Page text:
Nowadays we swipe and tap our credit and debit cards at checkouts without a second thought, and increasing numbers of shoppers do the same with mobile phones and wearable payment devices.
So it’s hard to believe that the first point of sale machinery, the mechanical cash register, isn’t even 150 years old.
A saloon owner in the US named James Ritty invented the cash register in 1879, in an attempt to stop employees pilfering all his profits from the cash drawer. Every purchase had to be manually rung up and, when the total button was pressed, a bell would ring to alert the manager to the fact that the cash drawer was open.
Ritty’s patented machine was named the ‘Incorruptible Cashier’ and the rights to his invention were bought just five years later and put into production by a newly formed company, National Cash Register or NCR.
Transforming Retail Spaces
By 1915, after aggressive development and expansion by NCR, there was a cash register in most retail establishments across the US, and NCR salesmen were active in fifty other countries. Business owners were able to control theft and keep track of inventory more accurately than ever before, making the cash register one of the transforming mechanisations of the industrial age.
Point of sale machinery was electrified in 1906 when an NCR employee designed the first cash register with an electric motor, but it was the 1970s before the next big change to point of sale hardware arrived, with the advent of micro processing.
Data Processing Arrives
Two types of cash register developed: the basic electronic cash register or ECR and the more sophisticated POS or point of sale terminal with its complex data processing functions.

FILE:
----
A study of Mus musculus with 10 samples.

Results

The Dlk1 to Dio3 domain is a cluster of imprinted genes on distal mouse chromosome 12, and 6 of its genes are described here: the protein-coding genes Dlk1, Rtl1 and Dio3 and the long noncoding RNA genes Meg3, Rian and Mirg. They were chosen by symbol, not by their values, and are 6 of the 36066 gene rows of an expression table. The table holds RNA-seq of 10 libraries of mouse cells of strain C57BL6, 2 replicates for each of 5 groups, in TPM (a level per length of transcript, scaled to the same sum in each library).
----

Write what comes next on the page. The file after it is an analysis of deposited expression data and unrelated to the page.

Paying by plastic took off in the 1980s, making mechanical imprinters and then card swipe readers an integral part of the payment process. These are still popular in the US but are all but obsolete in the UK where EMV chip card technology has become the standard.
Chip and PIN
The introduction of chip and PIN technology added the electronic card reader and PIN pad to the POS hardware needed at the checkout. The first contactless cards were issued in 2007 and by 2011 the first mobile phones with payment certification technology reached the market.
To manage all these new payment devices, most modern day POS systems include:
A computer that runs POS software to manage sales, reports and inventory control, as well as capturing customers’ purchasing history
A POS monitor and keyboard or a POS touch screen. iPads and other point of sale tablets are becoming increasingly popular
A secure cash drawer for storing money and credit card receipts. Divided in much the same way as they’ve always been, nowadays the cash drawer receives a signal from the computer or receipt printer to prompt it to open
A handheld scanner or an embedded scanner, for reading the barcodes on products. The scanner deciphers the barcode information and sends it to the POS computer
A card reader for customers to swipe, dip or tap their credit or debit card or their mobile phone
A secure stand to hold the card reader and protect it from theft, criminal tampering and general wear and tear
A receipt printer
With so much hardware and software involved in the payment process, it's no longer just employees with access to the cash drawer who pose a threat to profits. Business owners need to protect POS iPads and tablets, card readers and PIN pads from tampering and theft by using good quality, secure stands, and also keep their networks and software secure from hackers.
As the number of contactless payments continue to rise, we may soon be saying goodbye to the cash drawer and the receipt printer, replaced by tablet-based terminals linked to contactless readers, with e-receipts sent directly to phones.
Which is all a far cry from the simplicity of Ritty’s original ‘Incorruptible Cashier’!
Check out Tailwind’s products designed to keep your POS hardware secure.